Tuesday, September 6, 2016

Universal Design & Libraries


This guest blog post is written by Carli Spina, Head Librarian for Assessment and Outreach at Boston College Libraries. She has extensive experience working on web design and technology projects as well as serving as a coordinator for services to patrons with disabilities. She has taught classes and workshops for librarians, academic staff, and students on a range of topics, including accessibility and web design. Visit Carli's website at http://carlispina.com.



Last month, I had the opportunity to talk to the SNAILS Group about Universal Design and how it can be applied to library spaces, programs, and services. Universal Design, a term coined by Ronald Mace, refers to design processes that take into account the needs of all potential users, including those with disabilities, elderly people, individuals who do not speak the dominant local language, and more. It goes beyond typical approaches to accessibility because it is not focused on minimum legal standards or separate accommodations for individuals with special needs, but instead on creating products, services, programs and more that are inherently inclusive.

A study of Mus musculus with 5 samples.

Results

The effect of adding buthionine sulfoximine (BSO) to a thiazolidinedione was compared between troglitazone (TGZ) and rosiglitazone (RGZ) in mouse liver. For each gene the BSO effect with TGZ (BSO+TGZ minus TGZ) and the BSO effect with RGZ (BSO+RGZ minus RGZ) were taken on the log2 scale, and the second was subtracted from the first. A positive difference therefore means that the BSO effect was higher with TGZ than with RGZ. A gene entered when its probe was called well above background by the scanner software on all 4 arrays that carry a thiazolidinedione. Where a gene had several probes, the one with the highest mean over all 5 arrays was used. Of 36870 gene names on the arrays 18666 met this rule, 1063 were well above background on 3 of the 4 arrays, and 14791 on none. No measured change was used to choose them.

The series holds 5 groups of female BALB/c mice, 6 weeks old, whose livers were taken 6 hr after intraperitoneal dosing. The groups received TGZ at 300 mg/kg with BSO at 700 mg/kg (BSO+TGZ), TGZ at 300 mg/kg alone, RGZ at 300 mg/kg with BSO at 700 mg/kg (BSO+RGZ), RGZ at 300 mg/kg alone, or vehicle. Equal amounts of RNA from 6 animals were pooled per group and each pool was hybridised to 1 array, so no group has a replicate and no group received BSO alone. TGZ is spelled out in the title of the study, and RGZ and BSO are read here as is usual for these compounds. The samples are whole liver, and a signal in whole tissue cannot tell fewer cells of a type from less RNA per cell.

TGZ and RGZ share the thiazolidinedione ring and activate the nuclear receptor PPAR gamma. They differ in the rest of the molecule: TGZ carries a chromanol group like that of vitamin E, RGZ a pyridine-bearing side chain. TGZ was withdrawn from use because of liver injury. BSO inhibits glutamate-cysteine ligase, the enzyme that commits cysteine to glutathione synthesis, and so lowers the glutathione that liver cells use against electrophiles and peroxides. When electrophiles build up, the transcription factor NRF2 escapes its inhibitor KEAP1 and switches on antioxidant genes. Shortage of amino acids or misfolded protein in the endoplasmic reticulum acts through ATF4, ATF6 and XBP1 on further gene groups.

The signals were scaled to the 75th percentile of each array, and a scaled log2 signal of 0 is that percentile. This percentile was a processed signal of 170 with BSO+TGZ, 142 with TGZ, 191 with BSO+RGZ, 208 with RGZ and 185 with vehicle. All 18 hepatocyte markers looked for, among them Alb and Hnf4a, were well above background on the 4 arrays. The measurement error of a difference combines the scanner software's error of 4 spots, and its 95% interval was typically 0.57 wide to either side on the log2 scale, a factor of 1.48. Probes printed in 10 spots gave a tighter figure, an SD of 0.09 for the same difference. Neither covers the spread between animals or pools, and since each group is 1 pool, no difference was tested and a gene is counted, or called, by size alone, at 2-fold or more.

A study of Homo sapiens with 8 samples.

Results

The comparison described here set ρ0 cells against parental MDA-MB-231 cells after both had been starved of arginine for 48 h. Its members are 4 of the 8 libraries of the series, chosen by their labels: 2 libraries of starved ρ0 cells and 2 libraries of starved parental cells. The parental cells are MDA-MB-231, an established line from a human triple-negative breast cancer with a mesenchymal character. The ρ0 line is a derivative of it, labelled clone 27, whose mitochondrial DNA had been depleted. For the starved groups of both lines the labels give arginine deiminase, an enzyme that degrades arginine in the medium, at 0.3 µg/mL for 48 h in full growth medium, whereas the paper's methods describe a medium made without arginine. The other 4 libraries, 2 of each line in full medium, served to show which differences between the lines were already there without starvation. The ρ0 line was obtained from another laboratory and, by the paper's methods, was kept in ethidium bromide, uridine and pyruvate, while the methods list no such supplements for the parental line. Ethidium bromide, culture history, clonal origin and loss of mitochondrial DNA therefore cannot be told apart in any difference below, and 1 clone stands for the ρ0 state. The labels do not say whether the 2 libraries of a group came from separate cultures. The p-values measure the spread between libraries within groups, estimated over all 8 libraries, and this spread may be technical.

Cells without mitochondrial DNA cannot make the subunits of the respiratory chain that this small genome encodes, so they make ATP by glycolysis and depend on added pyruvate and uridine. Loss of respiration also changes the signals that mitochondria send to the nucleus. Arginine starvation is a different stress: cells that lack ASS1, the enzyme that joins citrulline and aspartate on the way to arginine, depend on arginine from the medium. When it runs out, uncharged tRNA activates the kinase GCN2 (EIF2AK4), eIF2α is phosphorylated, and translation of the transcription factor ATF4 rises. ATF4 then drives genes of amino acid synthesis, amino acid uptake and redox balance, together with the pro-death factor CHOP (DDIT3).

Since the initial development of Universal Design, it has been applied in a variety of settings, including in the field of education through the concept of Universal Design for Learning. Both of these concepts have applications in library settings. Whether you are planning new spaces in your library, developing inclusive services, or defining the learning goals of your programs, the principles of Universal Design and Universal Design for Learning can provide a helpful structure to your design efforts. Though it is important to acknowledge that Universal Design rarely achieves its goal of making end products that are equally usable for every possible user, the techniques and concepts associated with it can help to make libraries more inclusive.

My slides and handout lay out the main principles of both Universal Design and Universal Design for Learning. They also offer suggested readings that describe how to apply these concepts to several different aspects of librarianship, including children’s services and makerspaces. 

If you are interested in learning more about both accessibility and Universal Design, there is still time to sign up for my Introduction to Accessibility and Universal Design in Libraries course through Library Juice Academy or you can contact me on Twitter @CarliSpina.